European Union justice ministers have on October 7 in Luxembourg discussed how to ensure efficient data protection benefitting citizens and businesses and approved an agreement regarding a Directive on the protection of the euro and other currencies against counterfeiting by criminal law, which is one of Lithuanian Presidency priorities in the area of justice.

Discussing the data protection reform, ministers presented their positions on the so-called “one-stop-shop” principle, which is one of the key issues in the proposal for a General Data Protection Regulation. This principle would set that the company operating in more than one EU member state would cooperate only with single data protection supervisory authority in the country where it has its main establishment.

Chaired by Minister of Justice of Lithuania Juozas Bernatonis, ministers agreed that further expert discussions should be based on a model where a single supervisory decision is to be taken by the supervisory authority of the main establishment; however, that exclusive jurisdiction of this authority might be limited to a certain extent. To ensure that cutting the red tape for businesses would not affect the protection of individual rights, it was agreed to continue exploring ways how to further ensure proximity between individuals and decision-making authorities. Experts will also continue examination of the role and powers of the future European Data Protection Board.

“I would like to say that the Council generally supports the principle that the draft regulation should provide for “one-stop-shop” mechanism in important cross-border cases to arrive at a single decision in respect of companies operating in several Member States. The aim is to develop a simple, fast mechanism that would contribute to a more consistent application of the data protection rules in the EU, to ensure legal certainty and reduce the administrative burden. This is an important factor to enhance the cost-efficiency of the data protection rules for international business, thus contributing to the growth of the digital economy,” said Minister Bernatonis.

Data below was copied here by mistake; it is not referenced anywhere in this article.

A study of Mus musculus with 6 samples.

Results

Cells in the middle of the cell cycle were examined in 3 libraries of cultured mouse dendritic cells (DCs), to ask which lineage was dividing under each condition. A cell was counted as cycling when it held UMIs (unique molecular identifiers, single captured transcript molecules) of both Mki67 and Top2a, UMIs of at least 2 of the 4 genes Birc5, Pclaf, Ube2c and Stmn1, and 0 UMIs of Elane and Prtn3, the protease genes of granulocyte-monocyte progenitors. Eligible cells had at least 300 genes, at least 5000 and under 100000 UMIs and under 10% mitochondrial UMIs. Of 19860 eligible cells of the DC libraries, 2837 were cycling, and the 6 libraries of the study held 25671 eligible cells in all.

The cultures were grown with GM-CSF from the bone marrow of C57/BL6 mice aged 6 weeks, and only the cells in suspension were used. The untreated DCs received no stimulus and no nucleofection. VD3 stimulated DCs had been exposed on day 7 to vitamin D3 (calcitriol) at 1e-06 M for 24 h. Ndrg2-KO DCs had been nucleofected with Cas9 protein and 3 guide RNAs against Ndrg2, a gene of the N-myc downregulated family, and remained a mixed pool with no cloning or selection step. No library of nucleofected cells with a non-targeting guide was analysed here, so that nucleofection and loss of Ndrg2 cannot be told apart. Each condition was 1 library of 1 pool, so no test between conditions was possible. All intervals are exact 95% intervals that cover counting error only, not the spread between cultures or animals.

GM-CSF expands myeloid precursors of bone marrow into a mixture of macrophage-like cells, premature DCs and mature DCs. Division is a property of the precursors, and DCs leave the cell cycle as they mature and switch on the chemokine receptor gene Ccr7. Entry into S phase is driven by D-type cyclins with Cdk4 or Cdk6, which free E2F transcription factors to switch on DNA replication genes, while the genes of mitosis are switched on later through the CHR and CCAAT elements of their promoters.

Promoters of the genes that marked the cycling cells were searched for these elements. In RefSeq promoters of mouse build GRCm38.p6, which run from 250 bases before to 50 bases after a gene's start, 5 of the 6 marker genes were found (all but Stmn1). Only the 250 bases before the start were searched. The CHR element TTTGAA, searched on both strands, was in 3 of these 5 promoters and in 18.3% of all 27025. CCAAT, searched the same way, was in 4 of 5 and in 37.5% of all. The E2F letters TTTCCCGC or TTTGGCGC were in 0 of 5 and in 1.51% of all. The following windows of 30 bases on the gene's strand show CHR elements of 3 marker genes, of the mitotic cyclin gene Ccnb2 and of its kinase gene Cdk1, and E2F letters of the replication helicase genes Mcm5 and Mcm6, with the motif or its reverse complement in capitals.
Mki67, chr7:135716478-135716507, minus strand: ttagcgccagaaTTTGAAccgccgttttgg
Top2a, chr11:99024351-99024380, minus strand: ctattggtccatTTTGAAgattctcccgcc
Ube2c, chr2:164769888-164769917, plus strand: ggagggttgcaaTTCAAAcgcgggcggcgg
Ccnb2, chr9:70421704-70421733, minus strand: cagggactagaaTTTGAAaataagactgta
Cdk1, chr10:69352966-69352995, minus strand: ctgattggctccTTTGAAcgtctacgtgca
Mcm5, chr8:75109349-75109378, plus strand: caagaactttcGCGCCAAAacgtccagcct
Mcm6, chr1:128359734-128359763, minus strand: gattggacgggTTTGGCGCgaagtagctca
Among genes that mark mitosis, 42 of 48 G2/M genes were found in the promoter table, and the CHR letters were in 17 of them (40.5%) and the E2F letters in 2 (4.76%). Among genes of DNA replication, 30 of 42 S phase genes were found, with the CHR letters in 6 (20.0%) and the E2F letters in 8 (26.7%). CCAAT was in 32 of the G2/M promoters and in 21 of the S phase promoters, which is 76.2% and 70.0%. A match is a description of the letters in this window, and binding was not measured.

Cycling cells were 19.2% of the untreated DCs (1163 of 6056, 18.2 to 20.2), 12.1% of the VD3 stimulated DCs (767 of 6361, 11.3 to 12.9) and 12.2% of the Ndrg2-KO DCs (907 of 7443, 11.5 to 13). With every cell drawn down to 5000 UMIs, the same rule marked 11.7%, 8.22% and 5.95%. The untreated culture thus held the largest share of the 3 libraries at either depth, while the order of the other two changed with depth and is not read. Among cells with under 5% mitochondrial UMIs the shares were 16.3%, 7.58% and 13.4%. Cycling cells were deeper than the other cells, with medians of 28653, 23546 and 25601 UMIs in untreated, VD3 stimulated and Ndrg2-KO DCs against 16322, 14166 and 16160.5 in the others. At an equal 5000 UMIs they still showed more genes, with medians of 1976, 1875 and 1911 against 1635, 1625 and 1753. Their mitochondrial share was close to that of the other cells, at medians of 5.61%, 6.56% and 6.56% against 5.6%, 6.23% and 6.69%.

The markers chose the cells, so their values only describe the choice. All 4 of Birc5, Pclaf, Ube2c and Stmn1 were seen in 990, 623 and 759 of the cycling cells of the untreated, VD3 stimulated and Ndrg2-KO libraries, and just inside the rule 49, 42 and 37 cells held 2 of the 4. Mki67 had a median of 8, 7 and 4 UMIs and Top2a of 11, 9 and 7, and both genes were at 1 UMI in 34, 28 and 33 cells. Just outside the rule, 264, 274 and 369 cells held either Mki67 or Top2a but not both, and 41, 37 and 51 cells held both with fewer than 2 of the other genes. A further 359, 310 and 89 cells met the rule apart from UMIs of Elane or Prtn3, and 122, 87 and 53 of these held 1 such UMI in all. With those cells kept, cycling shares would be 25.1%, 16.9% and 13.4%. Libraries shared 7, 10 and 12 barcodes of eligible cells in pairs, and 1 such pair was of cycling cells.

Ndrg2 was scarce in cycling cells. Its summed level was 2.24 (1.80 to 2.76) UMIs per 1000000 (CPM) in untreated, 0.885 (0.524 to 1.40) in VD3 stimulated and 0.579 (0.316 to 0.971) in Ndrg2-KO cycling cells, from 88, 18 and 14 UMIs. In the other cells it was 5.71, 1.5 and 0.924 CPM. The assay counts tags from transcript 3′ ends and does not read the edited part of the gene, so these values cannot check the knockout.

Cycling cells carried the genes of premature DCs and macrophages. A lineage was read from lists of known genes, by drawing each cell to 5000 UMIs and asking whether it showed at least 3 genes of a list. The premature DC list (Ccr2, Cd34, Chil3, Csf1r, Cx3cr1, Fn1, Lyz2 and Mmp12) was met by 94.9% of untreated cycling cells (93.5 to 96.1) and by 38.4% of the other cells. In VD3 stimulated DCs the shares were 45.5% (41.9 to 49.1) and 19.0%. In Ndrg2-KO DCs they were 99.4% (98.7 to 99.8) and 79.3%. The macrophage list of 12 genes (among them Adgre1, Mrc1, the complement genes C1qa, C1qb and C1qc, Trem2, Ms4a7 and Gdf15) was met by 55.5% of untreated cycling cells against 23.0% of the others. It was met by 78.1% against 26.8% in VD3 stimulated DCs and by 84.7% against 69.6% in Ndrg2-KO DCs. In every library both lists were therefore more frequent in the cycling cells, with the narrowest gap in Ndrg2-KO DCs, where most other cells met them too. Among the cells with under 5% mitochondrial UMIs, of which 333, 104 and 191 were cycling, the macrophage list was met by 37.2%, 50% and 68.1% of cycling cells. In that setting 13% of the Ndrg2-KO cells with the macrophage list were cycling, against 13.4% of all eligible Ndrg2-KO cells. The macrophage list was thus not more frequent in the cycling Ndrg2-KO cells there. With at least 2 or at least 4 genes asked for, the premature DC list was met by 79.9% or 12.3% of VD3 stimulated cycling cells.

The Council agreed on the Directive establishing criminal law sanctions for counterfeiting of the euro and other currencies and strengthening cooperation of law enforcement institutions in this area. The Council is now ready to launch the trialogue with the European Parliament and the European Commission (EC).

“This is really a very significant agreement, which, thanks to the constructive work, was achieved in a very short period of time. This document is especially important for ensuring a more secure European currencies union,” said Minister Bernatonis.

European Commission proposals on the establishment of the European Public Prosecutor’s Office and on the reform of EU Agency for Criminal Justice Cooperation (Eurojust) were presented to the EU Justice Ministers. The Proposal on the establishment of the European Public Prosecutor’s Office is one of the priority issues in the criminal justice area during the Lithuanian Presidency. Ministers shared their views and defined guidelines for further discussions at expert level.

“It is estimated that each year, the EU budget loses hundreds of millions of euros due to offences affecting the European Union’s financial interests. The presented proposals of the European Commission should contribute to proper protection of the EU taxpayers’ money,” said J. Bernatonis.

IN THIS CONTEXT:

The biggest event on intellectual property in the Baltic will take place in Vilnius
The event will take place on 8-9 October, 2013 at Kempinski Hotel Cathedral Square Vilnius, Universiteto st. 14, Vilnius.
More information about the program and speakers of the conference is available at official website www.ipconference.lt.